Many people associate gambling with partying. Casinos are a go-to destination for weekend partygoers, as they often supply free alcohol, entertainment, and music to keep patrons happy. Hollywood historically reinforced that stereotype by pairing gambling with excessive drinking and other unsavory characteristics on TV and film. There are plenty of real-world examples of poker players who struggled with substance abuse too, most notably Stu Ungar who sadly lost his battle to addiction at the young age of 45. Although the stereotype of a poker player has changed drastically over the past two decades, many people still associate poker with partying. Others see it as a healthy hobby for some.
But what about people in recovery? Should recovering addicts and alcoholics swear off any gambling and stay away from poker rooms? Many people, both in recovery and not, will say yes. I disagree.
At 19 years old, I checked into rehab for the third time. Getting clean right before your 20th birthday may sound young, but my drug of choice was heroin, so my options were sobriety, prison, or death. I narrowly escaped handcuffs many times, and am incredibly lucky that my family was willing to do whatever it took to help me get sober. At 26 years old, I now have over six years sober, a loving wife, a 14-month-old daughter, and a second child on the way. I received far more help than I deserved and could never have done this alone. I am incredibly lucky and grateful.
Despite warnings from numerous friends and family members both in recovery and not, poker was something I turned to during my recovery. I’ve since met countless people in recovery around a poker table, and many of them are as obsessed with the game as myself. So, what is it about poker that draws recovering addicts and alcoholics? The attraction can be summed up by three things: competition, time, and passion.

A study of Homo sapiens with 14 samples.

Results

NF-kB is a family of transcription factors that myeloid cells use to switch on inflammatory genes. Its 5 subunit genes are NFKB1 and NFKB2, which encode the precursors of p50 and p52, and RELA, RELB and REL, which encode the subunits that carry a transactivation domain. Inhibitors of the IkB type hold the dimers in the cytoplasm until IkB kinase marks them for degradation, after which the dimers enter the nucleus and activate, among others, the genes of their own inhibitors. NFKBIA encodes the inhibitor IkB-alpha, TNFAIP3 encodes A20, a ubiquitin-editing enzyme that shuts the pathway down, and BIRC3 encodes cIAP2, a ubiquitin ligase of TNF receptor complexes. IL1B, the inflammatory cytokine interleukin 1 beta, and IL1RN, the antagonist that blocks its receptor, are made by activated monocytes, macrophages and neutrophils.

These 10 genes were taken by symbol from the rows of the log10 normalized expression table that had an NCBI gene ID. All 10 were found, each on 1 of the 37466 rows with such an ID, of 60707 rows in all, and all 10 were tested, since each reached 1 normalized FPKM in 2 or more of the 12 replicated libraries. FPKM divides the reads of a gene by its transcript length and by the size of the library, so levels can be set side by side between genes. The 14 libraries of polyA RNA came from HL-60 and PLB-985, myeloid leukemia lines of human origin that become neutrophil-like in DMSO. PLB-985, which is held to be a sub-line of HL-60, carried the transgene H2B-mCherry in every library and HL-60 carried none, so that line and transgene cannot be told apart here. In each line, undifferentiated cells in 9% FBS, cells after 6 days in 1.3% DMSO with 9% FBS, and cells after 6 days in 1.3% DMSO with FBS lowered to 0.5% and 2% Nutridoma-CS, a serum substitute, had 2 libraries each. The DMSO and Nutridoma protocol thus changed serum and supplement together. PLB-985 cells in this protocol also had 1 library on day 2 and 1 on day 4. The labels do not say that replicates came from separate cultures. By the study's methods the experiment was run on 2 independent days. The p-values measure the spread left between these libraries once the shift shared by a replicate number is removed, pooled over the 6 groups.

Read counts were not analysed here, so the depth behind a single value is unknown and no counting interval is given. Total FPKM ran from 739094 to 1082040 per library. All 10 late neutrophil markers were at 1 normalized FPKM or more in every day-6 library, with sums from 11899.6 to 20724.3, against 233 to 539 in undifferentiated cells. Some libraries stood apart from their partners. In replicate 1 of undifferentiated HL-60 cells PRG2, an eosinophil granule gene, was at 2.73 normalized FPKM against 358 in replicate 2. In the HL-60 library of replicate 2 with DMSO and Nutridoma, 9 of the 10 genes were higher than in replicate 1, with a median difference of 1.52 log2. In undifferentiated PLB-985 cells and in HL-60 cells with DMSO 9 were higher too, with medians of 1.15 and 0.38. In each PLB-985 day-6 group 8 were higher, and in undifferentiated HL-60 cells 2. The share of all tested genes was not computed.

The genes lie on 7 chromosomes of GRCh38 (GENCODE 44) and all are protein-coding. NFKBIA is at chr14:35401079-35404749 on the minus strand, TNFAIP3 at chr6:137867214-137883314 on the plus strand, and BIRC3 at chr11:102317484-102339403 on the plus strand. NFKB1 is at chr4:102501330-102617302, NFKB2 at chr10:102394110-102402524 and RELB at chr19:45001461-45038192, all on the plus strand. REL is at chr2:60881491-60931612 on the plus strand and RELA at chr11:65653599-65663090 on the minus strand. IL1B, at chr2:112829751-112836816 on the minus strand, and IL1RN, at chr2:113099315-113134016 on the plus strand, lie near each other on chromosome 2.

Recovering addicts and alcoholics are often incredibly competitive. Some of my peers in rehab were Division I athletes, musicians, artists, and even an Ivy League chess team captain. Despite Hollywood depictions of addicts as lazy bums, many are incredibly competitive people. I was a captain and 3-year varsity starter for my high school football team and thrived in the competitive nature of the sport. Much like retired athletes, many recovering addicts need a competitive outlet. Poker allows people to compete with other players, as well as compete with themselves to get better at the game. Due to the competitive nature of poker, the game is a favorite among recovering addicts.
Idle time and an empty mind give addiction room to manifest. Life in active addiction is spent dedicated to getting and doing drugs, which can often be a full-day affair. Newly sober addicts and alcoholics are advised to fill their day as much as they can to avoid cravings brought on by boredom. The need to fill time makes poker a great game for people in recovery. Both cash game and tournament players invest a lot of time into poker, not just when sitting at the table, but also studying and watching the game. The large time investment it takes to play poker also makes the game a favorite for many recovering addicts and alcoholics.
When in recovery, you are advised to find your passions and dive in. When I first got clean, my sponsor asked me what I enjoyed doing. I couldn’t answer. Since the age of 13, my days were filled with playing football and getting high. Suddenly at 20 years old, I put down the drugs and alcohol, and my football career was over. During active addiction, it is impossible to truly find and immerse yourself in something you are passionate about. Because of this, people in early recovery often feel a sense of emptiness. Poker is a great game to fill that void, as it ignites such a strong passion. We in the poker community are obsessed with the game. How else do we have the patience to study for hours and fold napkins preflop all day? Recovering addicts feel this passion when they enter the game, cementing poker as a staple in our lives. People with many years of sobriety tell the newly recovering to find their passions, and the passionate nature of poker makes the game a healthy outlet for people in sobriety.
People in early sobriety are warned to stay away from vices, and most of the world sees poker as a vice akin to drugs and alcohol. Based on my own personal experience, the categorization of poker as a vice couldn’t be more wrong. Poker is a game of skill and strategy. It is much closer to chess or football than it is to a slot machine or bottle of cheap vodka. The competitive and time-consuming nature of poker ignites a passion in its players, and these aspects of the game make it perfect for recovering addicts and alcoholics. Poker has been a positive force for many recovering people, and I hope to see the understanding of the correlation between poker and sobriety grow.